As one of China’s major cities, Shanghai’s natural sub-ecosystem has suffered drastic damage due to human activities and urbanization. Although urban re-naturalization has gained attention from city leaders, urban tree planting has largely consisted of two methods with limited ecological potential. One favors fast-growing monocultures to produce timber products and other benefits, while the other approach is to plant non-native species for decorative purposes. The authors believe the restoration progress of the natural sub-ecosystem could be further improved by adopting the “near-natural” method based on the concepts of potential natural vegetation and ecological succession.
The near-natural forest uses all native species and aims to create a complex structure with high biodiversity, high biomass and multiplayer canopies. It was adopted successfully in many countries, but the authors thought long-term studies of these forests were lacking. Therefore, they conducted a 10-year study at a near-natural forest established in 2000 in Pudong New Area of Shanghai to investigate the effectiveness of the forest in providing ecological benefits.
Results showed that the near-natural forest had higher sustainability value than artificial (“even-aged, managed”) forest in Shanghai based on its ecological and economic benefits. The high tree density and multiple vertical structures of the forest improved the air quality and soil fertility and decreased the concentrations of air bacteria and dust. It also had a much lower planting and maintenance cost than artificial traditional methods. Although the near-natural forest could not transcend the benefits of the natural forest, the study successfully proved its important role in urban re-naturalization by bridging the difference between the artificial and natural forests.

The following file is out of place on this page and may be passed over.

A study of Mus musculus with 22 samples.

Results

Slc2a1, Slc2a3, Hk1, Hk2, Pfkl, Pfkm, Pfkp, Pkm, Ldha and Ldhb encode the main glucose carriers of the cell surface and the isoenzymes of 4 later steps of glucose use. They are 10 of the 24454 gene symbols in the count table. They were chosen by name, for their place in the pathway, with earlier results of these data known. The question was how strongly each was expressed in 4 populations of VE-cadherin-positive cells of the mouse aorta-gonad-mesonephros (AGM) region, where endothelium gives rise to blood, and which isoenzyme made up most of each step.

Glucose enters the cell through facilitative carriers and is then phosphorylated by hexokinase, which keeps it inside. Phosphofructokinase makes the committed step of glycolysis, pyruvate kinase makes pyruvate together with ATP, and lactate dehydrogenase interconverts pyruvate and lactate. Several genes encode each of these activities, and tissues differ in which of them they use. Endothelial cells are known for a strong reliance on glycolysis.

Results showed that the near-natural forest had higher sustainability value than artificial (“even-aged, managed”) forest in Shanghai based on its ecological and economic benefits
Over the course of the study, authors discovered a potential limitation of the approach, at least in its application in Shanghai. They observed high evergreen seedlings mortality, attributable to over-exposure to sunlight. Therefore, in subsequent plantings in 2003 and 2004, the authors modified the approach to optimize it to local conditions:
The key to the new method is to create a mixed deciduous–evergreen community by simultaneously planting shade-tolerant evergreen broad-leaved species and light-demanding deciduous broad-leaved species, but using smaller individuals for the former and larger individuals for the latter to form a multilayer vegetation structure. The shade-tolerant evergreen species benefit from the rapid growth of the light-demanding deciduous species, which offer shade and nutrients in the form of litter layer-based fertilizer, improving the soil for the evergreen species [Guo 2015: 5].
Overall, they suggest that the near-natural forest is a very sustainable method to be applied in Shanghai.
Guo, Xue Yan, Wei Li Li & Liang Jun Da, 2015, Near-Natural Silviculture: Sustainable Approach for Urban Re-naturalization Assessment Based on 10 Years Recovering Dynamics and Eco-Benefits in Shanghai, J. Urban Plann. Dev. 141(3), https://ascelibrary.org/doi/abs/10.1061/%28ASCE%29UP.1943-5444.0000276
 “Sub-ecosystem” here refers to the interdependent social, economic, and natural systems operating within an urban ecosystem.
 The vegetation that would be growing in the absence of human intervention.